Clayton Heights Secondary School sent students home with a letter informing parents and guardians of the 15-year-old boy's death. (Surrey School District)

A Grade 10 student in Surrey, B.C., has died from what health authorities say is most likely meningitis.

The unnamed 15-year-old boy died last weekend. Clayton Heights Secondary School sent students home with a letter on Wednesday about the death, said Roy Thorpe-Dorward, a spokesman for the Fraser Health Authority.

The boy most likely died due to a bacterial meningococcal infection, he said on Thursday. Health officials were waiting for a confirmation from tests.

"We're trying to reassure parents and students and staff that although there has been a case that appears to be meningitis, it's an isolated incident," said Doug Strachan, a spokesman for the Surrey School District.

Meningitis is an infection of the fluid that surrounds the spinal cord and brain, and can affect the lining of the brain or cause a blood infection. It can lead to brain damage or death.

The symptoms are flu-like, including fever, a severe headache, stiff neck, nausea, confusion, vomiting and a sensitivity to bright lights. They also include a reddish-purple, tiny, bruise-like rash.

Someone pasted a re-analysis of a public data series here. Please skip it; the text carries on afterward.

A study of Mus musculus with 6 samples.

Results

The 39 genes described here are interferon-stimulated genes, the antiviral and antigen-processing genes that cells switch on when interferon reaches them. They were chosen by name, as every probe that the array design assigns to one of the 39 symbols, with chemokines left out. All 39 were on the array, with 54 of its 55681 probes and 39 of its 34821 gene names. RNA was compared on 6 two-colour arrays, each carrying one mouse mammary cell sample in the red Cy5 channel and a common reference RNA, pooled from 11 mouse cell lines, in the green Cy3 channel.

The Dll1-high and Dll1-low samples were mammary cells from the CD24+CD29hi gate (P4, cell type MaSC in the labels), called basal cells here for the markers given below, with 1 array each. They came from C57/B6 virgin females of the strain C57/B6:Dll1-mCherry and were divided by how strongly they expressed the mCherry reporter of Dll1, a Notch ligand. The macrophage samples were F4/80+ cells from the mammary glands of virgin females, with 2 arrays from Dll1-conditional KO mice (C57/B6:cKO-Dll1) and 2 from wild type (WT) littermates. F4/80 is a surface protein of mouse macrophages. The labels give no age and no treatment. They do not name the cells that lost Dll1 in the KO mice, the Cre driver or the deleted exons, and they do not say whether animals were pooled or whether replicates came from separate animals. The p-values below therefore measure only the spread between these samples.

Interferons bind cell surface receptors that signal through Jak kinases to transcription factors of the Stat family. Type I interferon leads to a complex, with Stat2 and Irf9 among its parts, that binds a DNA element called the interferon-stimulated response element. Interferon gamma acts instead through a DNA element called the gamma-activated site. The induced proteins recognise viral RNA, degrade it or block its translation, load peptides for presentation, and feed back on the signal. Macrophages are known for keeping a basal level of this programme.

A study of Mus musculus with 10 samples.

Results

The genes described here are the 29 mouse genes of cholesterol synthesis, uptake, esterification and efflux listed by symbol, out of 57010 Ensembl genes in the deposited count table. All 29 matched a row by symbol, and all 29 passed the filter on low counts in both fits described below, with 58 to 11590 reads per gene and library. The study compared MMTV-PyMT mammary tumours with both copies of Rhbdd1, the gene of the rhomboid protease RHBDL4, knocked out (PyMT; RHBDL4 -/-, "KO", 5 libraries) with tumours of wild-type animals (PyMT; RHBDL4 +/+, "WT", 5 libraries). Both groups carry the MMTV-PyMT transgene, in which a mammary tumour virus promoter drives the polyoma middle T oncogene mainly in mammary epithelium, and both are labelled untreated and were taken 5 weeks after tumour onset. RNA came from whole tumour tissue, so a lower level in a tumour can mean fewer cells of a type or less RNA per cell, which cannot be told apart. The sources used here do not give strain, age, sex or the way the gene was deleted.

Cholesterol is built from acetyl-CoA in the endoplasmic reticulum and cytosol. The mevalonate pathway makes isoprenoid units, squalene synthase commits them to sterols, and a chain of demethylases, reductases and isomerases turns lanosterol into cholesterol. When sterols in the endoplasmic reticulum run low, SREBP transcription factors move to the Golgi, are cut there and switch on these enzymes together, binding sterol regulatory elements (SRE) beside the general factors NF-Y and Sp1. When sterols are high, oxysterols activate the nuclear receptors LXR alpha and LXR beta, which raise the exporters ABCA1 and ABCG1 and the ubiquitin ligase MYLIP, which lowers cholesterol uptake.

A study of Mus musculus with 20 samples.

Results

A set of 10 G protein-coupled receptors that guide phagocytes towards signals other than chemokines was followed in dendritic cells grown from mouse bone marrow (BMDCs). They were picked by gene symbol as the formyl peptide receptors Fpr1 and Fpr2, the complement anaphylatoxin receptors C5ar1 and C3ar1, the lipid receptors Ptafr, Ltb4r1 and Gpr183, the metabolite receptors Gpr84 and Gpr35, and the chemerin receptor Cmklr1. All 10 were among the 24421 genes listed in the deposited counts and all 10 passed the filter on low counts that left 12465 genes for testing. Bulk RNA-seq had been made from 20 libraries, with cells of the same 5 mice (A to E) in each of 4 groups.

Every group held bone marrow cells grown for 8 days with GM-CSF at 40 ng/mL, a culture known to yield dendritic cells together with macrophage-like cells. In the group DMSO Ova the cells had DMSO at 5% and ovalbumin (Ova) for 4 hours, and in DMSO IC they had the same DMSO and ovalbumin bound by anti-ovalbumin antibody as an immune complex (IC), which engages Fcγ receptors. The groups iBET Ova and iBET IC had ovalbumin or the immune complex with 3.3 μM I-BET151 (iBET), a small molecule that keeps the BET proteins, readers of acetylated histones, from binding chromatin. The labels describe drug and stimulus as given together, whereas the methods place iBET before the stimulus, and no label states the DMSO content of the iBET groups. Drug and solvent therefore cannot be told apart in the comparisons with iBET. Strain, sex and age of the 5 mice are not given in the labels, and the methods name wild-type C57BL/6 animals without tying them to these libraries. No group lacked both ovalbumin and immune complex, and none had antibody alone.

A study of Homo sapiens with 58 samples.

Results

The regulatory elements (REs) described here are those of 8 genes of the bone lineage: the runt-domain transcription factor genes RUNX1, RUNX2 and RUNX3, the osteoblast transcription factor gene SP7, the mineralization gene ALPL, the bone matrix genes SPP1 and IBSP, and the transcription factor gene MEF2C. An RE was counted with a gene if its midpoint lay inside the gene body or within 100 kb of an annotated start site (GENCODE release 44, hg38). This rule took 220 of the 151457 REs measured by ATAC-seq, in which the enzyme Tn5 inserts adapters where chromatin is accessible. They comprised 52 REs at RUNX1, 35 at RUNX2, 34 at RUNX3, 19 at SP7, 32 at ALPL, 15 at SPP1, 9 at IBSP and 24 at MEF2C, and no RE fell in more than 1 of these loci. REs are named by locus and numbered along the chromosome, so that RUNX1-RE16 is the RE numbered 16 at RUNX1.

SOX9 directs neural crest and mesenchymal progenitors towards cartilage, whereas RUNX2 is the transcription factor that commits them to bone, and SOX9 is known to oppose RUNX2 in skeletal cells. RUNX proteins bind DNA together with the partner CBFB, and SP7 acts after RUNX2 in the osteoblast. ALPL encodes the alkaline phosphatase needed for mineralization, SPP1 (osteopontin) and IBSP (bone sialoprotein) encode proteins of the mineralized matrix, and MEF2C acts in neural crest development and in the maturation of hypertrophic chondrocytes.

Spread by direct contact with saliva

The bacteria is spread by direct contact with the saliva of an infected person, through kissing or sharing food, drinks, water bottles or the mouthpieces of musical instruments.

Health officials say there is no increased risk from touching the person's hands or being in the same area, like a classroom.

"Public health nurses are following up with the family, the school and close friends to determine anyone who might have been in very close contact with the student and could be at risk of illness," said Thorpe-Dorward.

Those people who were in close contact during the communicable period of Sept. 8-18 may need preventative antibiotics, he added.

About 35 to 50 cases are reported in B.C. every year, with an average of three people a year dying of bacterial meningitis.